Thursday, 11 January 2018

Persona Non Grata: Chotey is wrong

Chotey was unsure of which lane to enter. Though the inspector had explained and written the address on a piece of paper, Chotey was unsure. Since he could not read the address, Chotey had to rely entirely on his memory which was not serving him well at the moment. Perhaps he was tired  from the bus journey. 

But he desperately wanted to find his mother and take her back home with him. He would tell her that he missed her. It would have been a blatant lie, but he wanted to say that. She had left him and his father when Chotey just 15 months old. And had not been seen since. How could he possibly miss her when he barely knew her? But he was determined he would lie to her. He would tell his mother that her husband was no more. He had either died or abandoned Chotey like she had. Like most of their relatives did. 

Chotey's father had gone out on his wheelchair one morning and never come back. That was about 15 days ago. When the alms and free food stopped coming for Chotey after 15 days, he set out to find his mother.

Being unable to find the right lane would not have hurt Chotey as much. He was often wrong. At least that is what his friends told him. His father had often told rebuked him for being wrong. At the tender age of 5, and despite being wise beyond his years, Chotey had simply made peace with the fact that he was wrong. There was no debate, no discussion around it. 

Today, however, he wanted to be right. A lot would depend on that. His back-breaking ride on the roof of the bus would be successful. The five rupees he paid as fare would be worth it. Chotey still had some money left in his pocket. His father had left that money near his pillow before leaving for good. 

Chotey also wanted to find out his mother and give her the little money he was carrying. He was not sure of how to spend or manage wisely this fast depleting resource. In the city, money melted fast and its exchange value was less. His father had often chided him to be economical when Chotey spent the odd one rupee he had saved from grocery shopping on a savoury or sweet.

As he entered the fourth lane running perpendicular to the main street, Chotey realised he was in the wrong place. Here, there were kids double his size who had a wicked look about them. Just like the kids in and around his shanty who told he often he was wrong. Adults like the police inspector were not Chotey's parameter to judge people. The tiny human beings his size were. And the sample of that size human being in front of him did not calm his nerves.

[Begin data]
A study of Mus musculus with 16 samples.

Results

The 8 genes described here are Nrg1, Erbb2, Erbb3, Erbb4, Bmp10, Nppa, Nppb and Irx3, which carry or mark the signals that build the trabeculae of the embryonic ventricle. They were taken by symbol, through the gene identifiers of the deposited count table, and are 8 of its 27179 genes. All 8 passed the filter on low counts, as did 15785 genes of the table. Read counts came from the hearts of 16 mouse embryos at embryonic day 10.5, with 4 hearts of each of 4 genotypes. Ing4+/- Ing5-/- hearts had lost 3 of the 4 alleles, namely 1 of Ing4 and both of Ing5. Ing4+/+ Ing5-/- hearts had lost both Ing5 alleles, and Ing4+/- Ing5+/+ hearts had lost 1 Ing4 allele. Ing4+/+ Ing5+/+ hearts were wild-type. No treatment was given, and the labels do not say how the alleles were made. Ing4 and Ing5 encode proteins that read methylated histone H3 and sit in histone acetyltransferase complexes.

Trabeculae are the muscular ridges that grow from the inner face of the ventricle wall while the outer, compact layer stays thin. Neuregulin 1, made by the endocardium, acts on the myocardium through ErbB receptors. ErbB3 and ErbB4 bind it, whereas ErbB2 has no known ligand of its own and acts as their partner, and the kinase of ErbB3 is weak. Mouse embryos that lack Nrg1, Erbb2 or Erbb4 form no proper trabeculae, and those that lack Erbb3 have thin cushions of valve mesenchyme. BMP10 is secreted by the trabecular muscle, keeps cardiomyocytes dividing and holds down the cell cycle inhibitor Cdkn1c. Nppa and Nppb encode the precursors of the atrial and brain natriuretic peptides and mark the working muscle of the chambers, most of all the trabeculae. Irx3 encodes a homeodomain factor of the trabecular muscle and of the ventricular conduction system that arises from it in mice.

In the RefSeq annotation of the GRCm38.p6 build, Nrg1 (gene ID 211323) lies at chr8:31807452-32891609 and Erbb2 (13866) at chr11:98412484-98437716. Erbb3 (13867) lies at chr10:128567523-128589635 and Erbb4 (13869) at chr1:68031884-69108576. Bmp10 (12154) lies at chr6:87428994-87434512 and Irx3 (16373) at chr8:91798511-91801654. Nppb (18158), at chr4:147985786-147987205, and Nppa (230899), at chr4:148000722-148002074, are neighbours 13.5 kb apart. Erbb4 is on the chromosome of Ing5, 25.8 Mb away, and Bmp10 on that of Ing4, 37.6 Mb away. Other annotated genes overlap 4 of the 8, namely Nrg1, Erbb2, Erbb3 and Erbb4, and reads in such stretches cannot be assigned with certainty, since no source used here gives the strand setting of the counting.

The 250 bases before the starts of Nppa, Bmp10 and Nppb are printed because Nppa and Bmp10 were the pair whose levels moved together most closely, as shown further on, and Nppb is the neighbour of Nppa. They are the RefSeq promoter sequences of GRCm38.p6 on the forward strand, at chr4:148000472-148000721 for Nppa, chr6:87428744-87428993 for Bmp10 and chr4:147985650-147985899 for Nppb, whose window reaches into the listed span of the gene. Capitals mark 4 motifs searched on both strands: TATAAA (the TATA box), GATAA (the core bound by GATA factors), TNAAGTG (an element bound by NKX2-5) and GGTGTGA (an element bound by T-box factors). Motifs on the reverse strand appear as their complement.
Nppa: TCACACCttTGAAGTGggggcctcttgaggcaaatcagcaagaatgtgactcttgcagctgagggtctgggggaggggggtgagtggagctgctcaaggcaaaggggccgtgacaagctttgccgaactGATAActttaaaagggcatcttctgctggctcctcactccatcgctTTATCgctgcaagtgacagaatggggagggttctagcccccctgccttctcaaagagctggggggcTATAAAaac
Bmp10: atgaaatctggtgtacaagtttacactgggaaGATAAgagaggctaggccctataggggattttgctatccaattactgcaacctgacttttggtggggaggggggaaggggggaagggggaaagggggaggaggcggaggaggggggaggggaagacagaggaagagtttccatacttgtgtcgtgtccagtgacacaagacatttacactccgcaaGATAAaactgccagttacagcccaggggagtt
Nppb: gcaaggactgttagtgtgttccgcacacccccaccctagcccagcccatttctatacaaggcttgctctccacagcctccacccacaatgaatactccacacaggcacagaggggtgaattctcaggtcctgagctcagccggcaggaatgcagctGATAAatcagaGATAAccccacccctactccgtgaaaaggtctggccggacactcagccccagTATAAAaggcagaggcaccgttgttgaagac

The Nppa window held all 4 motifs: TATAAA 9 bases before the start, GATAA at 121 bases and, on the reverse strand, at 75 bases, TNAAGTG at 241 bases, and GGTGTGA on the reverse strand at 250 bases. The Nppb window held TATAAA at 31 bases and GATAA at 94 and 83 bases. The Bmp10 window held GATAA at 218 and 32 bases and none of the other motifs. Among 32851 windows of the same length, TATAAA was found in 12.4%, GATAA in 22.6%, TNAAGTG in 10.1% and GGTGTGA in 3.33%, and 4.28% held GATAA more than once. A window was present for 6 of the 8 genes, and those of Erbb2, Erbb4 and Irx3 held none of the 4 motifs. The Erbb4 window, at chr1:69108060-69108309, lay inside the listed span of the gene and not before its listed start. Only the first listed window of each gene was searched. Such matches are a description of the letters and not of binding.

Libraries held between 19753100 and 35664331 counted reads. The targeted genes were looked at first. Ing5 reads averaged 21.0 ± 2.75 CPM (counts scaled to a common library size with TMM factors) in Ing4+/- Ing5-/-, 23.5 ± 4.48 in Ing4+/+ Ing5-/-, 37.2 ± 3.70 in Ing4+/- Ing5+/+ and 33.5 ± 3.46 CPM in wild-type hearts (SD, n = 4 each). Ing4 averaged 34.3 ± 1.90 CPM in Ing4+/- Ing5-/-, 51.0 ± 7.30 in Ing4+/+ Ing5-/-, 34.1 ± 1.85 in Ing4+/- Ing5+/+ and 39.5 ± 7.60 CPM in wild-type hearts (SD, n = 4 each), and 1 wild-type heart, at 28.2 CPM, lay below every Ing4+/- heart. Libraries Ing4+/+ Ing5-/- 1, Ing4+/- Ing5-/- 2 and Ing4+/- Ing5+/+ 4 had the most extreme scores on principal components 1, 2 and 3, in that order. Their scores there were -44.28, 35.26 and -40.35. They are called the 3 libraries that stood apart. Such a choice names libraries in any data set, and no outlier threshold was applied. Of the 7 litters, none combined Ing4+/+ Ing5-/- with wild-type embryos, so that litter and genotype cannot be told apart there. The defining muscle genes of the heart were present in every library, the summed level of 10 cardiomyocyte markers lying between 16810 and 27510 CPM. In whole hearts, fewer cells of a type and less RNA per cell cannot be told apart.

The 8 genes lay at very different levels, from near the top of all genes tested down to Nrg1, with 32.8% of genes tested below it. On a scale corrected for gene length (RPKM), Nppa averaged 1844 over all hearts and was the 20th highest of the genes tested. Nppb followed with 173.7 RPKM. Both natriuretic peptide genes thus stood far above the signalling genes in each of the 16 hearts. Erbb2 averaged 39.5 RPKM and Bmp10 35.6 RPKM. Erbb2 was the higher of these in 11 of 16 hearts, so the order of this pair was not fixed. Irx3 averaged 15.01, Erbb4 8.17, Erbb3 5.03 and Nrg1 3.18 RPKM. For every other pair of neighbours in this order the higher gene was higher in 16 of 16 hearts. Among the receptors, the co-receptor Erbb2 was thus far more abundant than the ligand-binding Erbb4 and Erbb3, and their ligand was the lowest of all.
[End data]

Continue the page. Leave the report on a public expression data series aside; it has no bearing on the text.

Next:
These kids frittered around like foxes, chasing each other, often falling and getting up. They cussed freely and no one seemed to mind it. Though Chotey also abused his friends now and then, these expletives he had heard only from his father or his friends. And that too when they got excessively drunk on the cheap toddy. 

The last time his father and the neighbouring uncle got drunk, they had come back home with a strange looking lady. She was wearing too much makeup, far more than Chotey had ever seen anyone wear. Not even the young bride who got married a few months ago. He wanted to ask his father if the lady was his mother. But before that, his father growled and asked him to sleep in a neighbouring hut for the night. 

Chotey simply did what was asked of him. 

When the lady was leaving in the morning, he asked her if she needed water. She smiled, said no, and went her way. The recollection of her make up and smile filled him with comfort. He wanted to find her too now. Though he had no idea where she lived, Chotey wanted to find her and ask her how she knew his father and if she could help them.

It was a push and a shove from a kid his size that brought back Chotey to present. The kid looked at him strangely and asked him what he wanted. He also asked Chotey to follow him in the next lane as the kids there would bully and beat him up for being an outsider. They were all orphans, he said, and protected their territory from other orphans of that area very zealously. It was as if a full scale war had been declared.

Chotey told him the address he roughly remembered. The kid at first seemed puzzled and thought for a while. After a while, he told Chotey he had come to the wrong address.

Strange, Chotey thought. Being wrong had not left his side here either. How he wished he was right. Alas! he was not. He was wrong.